Tardigrades — those darling, near-microscopic critters that are nearly indestructible — carry proteins that could keep critical drugs and medical treatments stable without refrigeration, scientists say.
In a study published Monday (March 20) in the journal Scientific Reports, scientists tested this idea with human blood clotting factor VIII, a protein used to treat an inherited bleeding disorder called hemophilia A. Due to a genetic mutation, people with this disorder don't make enough factor VIII and their blood can't clot properly. People with hemophilia A bleed spontaneously, and bleed excessively after injury or surgery.
Treating hemophilia A usually involves injecting factor VIII into the body, to make up for the patient's deficiency. Many factor VIII products require refrigeration, and those that don't can typically be kept at room temperature for only a limited amount of time and within a narrow temperature range.
Tardigrades, on the other hand, have a remarkable ability called anhydrobiosis, where they essentially dry themselves out and enter a state of suspended animation. In this state, the so-called water bears can withstand temperatures as low as minus 328 degrees Fahrenheit (minus 200 degrees Celsius) and as high as 300 F (148.9 C).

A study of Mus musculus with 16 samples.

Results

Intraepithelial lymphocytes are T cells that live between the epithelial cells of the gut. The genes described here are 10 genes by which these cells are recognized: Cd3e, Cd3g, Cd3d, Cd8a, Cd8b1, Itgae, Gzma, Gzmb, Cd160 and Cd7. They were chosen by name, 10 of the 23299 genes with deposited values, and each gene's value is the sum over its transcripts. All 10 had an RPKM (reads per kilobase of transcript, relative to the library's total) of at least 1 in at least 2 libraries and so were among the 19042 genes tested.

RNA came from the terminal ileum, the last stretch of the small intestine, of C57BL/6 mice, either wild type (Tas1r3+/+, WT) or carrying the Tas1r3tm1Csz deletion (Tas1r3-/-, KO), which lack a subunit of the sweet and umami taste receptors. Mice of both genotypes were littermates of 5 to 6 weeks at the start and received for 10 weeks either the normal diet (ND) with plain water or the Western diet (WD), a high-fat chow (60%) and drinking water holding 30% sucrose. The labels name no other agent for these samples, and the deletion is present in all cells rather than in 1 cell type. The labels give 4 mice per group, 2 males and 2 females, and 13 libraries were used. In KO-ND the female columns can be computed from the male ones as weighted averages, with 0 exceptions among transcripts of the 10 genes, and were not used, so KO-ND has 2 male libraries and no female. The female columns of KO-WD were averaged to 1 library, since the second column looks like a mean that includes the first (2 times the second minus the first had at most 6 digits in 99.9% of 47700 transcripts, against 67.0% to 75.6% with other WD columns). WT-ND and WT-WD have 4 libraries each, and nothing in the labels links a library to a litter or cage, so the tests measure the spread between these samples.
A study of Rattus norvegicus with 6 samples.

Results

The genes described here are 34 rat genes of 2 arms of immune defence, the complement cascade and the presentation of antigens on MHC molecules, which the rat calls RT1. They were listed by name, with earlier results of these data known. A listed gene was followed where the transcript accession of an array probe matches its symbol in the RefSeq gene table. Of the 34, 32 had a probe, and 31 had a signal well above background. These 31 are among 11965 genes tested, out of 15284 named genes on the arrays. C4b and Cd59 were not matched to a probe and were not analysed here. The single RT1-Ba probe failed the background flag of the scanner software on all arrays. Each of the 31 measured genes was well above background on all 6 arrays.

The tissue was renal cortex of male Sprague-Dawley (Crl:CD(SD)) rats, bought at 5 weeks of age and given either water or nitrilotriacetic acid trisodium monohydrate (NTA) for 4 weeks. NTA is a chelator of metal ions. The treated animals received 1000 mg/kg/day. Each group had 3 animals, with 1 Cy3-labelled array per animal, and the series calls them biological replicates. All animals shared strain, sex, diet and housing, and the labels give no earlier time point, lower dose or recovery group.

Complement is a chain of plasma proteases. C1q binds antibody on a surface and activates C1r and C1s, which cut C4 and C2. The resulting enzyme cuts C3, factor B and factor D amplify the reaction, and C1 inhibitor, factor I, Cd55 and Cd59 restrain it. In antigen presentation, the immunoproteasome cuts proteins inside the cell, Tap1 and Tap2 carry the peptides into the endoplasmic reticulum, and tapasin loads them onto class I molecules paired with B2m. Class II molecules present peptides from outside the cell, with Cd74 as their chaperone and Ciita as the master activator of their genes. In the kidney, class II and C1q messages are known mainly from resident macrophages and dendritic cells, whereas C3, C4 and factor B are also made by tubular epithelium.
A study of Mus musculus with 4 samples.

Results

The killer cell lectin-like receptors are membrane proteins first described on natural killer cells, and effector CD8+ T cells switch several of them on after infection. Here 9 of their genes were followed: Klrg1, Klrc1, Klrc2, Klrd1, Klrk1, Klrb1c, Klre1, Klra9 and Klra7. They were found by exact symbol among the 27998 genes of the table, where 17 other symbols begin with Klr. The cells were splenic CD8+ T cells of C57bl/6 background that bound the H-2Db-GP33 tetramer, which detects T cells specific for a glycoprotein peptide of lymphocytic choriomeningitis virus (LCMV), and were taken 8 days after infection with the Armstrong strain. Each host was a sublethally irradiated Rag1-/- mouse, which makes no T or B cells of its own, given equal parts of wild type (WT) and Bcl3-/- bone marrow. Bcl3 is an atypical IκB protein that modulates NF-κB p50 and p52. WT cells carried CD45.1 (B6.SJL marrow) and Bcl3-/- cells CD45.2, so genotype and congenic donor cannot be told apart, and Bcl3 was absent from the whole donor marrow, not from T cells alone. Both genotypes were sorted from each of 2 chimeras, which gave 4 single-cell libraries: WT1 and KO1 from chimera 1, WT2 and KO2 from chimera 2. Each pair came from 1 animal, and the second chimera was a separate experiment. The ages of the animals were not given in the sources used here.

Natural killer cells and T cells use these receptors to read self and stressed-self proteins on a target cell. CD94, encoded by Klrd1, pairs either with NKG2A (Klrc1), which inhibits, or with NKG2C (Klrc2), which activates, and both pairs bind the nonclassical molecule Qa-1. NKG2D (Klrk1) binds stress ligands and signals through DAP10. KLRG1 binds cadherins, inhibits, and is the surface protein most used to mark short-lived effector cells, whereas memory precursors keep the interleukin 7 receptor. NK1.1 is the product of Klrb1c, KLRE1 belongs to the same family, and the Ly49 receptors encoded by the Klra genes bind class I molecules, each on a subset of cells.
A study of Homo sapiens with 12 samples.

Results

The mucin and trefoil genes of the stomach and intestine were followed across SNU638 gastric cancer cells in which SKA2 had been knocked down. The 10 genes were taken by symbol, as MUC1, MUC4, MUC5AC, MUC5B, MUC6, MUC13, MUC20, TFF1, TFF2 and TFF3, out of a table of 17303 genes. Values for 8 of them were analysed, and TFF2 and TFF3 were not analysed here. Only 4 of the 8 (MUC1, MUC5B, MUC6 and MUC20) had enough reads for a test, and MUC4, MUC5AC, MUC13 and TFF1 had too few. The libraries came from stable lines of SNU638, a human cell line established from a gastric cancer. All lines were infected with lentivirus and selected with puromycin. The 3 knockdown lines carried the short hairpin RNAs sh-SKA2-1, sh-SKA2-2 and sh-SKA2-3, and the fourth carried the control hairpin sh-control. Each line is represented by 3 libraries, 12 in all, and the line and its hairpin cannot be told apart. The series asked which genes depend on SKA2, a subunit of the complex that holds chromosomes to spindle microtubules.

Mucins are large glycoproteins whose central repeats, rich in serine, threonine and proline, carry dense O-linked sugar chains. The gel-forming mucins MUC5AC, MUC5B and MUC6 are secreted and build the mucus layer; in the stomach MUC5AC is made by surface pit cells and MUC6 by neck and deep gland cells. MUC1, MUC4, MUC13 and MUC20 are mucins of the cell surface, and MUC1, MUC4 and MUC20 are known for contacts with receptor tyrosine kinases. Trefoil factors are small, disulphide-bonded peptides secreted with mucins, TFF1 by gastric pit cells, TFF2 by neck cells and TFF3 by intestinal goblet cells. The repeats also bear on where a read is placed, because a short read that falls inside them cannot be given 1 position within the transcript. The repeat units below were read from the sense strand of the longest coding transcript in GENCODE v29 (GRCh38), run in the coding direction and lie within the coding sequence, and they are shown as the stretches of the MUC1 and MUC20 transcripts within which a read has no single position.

The study authors wanted to see if the tardigrade's remarkable resilience could be carried over to medical treatments.
"Our work provides a proof of principle that we can stabilize Factor VIII, and likely many other pharmaceuticals, in a stable, dry state at room or even elevated temperatures using proteins from tardigrades," senior study author Thomas Boothby, an assistant professor of molecular biology at the University of Wyoming, said in a statement. "And, thus, provide critical live-saving medicine to everyone everywhere."
The team drew two substances from the tardigrade Hypsibius exemplaris: a sugar called trehalose and a protein called cytoplasmic abundant heat soluble (CAHS) D. Both substances help preserve the tardigrades' bodies during anhydrobiosis so that they survive to be "rehydrated" later on.
The team tweaked both substances' biophysical properties to boost their ability to stabilize factor VIII. They then used the substances to store factor VIII without refrigeration and under unfavorable conditions, such as repeated dehydration and rehydration, extreme heat and long-term dry storage. Both compounds worked, but CAHS D worked better than trehalose, the team noted.
The authors think this approach could potentially be used for other medicines that currently require refrigeration. But we're still in the early days of this research.
"This will not only be beneficial for global health initiatives in remote or developing parts of the world, but also for fostering a safe and productive space economy which will be reliant on new technologies that break our dependance on the cold-chain for the storage of medicine, food, and other biomolecules," the authors wrote.